Get Started in Amateur Radio

Getting Started in Amateur Radio — WITHOUT a license!

One question I get asked a lot, is “how do I get started learning about amateur radio, if I don’t have a license or haven’t started studying?”

The answer is easy!


That’s it.

With a minimal investment in some radio receiving equipment, you can be up and running and listening to what goes on over-the-air in no time at all.

Once you start spinning that dial, and listening to other amateur radio operators, decoding digital signals, and exploring the spectrum, you’ll be hooked!

What is this Amateur Radio thing all about, anyway?

Since, well, basically radio was invented, people have been playing with radio waves and antennas and transmitters and finding new, helpful, and interesting ways to use them.

It’s about the experimentation, the science, the technology… and yep its about the toys, flashing lights, graphic displays and the satisfaction that you just contacted another person thousands of miles away with literally nothing in between you.

I know, I know, why would you bother when we have today’s smart phones.  Well, for one, what happens when the cell network fails? Say, for example, in the event of a natural disaster or weather event.  What then?

Quite often amateur radio operators are called on to provide emergency communications.  They also volunteer to provide communications for local events, do storm-spotting and chasing, and all sorts of other public service functions.

Additionally, there are likely several radio clubs active in your area.  You can usually find a “ham fest” to visit and peruse new and used radio equipment, and often sit in on seminars related to radio communications.

How do I become an Amateur Radio Operator?

The only things you need to become an amateur radio operator are: a radio, and a license from the FCC or your country’s regulatory agency.  That’s it.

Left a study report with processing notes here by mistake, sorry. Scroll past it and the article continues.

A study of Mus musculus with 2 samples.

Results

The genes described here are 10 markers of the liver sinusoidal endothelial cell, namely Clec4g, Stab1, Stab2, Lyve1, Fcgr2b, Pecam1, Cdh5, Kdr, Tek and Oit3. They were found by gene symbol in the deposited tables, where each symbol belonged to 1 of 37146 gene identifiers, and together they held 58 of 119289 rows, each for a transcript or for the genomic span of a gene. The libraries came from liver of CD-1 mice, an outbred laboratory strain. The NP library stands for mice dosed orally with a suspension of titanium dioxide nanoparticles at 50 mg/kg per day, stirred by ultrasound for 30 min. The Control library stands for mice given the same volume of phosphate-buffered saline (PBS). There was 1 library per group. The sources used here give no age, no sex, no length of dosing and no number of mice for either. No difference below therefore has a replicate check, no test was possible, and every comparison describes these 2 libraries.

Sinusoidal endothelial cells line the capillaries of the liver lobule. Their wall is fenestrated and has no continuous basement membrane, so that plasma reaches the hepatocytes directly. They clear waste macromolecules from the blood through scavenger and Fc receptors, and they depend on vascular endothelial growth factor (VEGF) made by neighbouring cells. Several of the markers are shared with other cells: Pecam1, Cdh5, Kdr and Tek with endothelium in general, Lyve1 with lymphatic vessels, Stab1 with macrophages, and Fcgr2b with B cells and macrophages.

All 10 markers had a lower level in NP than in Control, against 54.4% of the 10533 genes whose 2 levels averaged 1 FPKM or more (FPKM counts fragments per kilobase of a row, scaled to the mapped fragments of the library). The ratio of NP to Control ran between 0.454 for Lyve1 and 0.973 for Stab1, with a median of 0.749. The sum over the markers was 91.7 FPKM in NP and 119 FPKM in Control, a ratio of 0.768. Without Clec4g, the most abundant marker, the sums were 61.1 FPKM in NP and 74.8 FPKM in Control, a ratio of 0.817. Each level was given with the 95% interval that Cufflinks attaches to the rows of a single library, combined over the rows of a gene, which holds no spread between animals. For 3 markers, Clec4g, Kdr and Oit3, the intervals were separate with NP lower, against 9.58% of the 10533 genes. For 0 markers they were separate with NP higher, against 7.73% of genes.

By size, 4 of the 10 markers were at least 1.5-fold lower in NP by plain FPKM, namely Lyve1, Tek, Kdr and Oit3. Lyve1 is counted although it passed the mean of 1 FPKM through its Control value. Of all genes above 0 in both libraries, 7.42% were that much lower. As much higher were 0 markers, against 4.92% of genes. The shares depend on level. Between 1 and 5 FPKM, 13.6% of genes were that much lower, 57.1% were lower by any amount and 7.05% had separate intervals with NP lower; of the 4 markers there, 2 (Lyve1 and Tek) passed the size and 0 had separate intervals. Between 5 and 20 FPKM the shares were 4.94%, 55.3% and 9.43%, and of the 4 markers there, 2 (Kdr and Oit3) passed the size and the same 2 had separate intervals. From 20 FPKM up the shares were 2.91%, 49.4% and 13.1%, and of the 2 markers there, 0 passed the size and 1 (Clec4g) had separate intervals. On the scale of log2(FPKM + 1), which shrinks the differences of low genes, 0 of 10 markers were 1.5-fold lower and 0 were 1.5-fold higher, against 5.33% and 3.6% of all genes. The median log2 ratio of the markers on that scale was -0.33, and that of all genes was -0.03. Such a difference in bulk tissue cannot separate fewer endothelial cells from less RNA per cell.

But how do you get that license?  You need to take an exam. GASP. I know, right? Most of us haven’t had to take an exam in years, let alone study for one.  Plus, if you want to get all of the on-air privileges you can (at least in the USA) you need to pass THREE of them to get your “Amateur Extra” license.

There are lots of ways to prepare for the exams.  There are plenty of books and study materials out there.  The web is literally plastered with information, but sifting through it to find what you actually need can be a challenge.  You can pick up one of many “study guides” out there, but by and large they’re just tools to help you memorize the answers.  You probably won’t actually learn much about the theory and practice behind the answers.

That’s where Ham Radio Academy comes in.  Our courses will be designed to help you actually learn the material that is covered on the exam.  You’ll be able to pass the tests with flying colors, and you’ll come away with a greater understanding of how and why things are the way they are, and work they way they do.

Do I need to invest thousands of dollars and learn morse code?

Nope. Not at all. The FCC did away with the Morse code requirement several years ago.  That doesn’t mean you shouldn’t learn it, though! People still use Morse code, or CW as we call it, every day around the world as an effective way to communicate long distances with low power in difficult conditions.

Today you can pick up a basic handheld radio that will get you on the air talking to other hams for as little as $30.  I highly recommend picking one of these up, so that you can use it to listen in while you study, learn how to program it, and once you get that call sign from the FCC, you can start communicating right away, and do it the right way.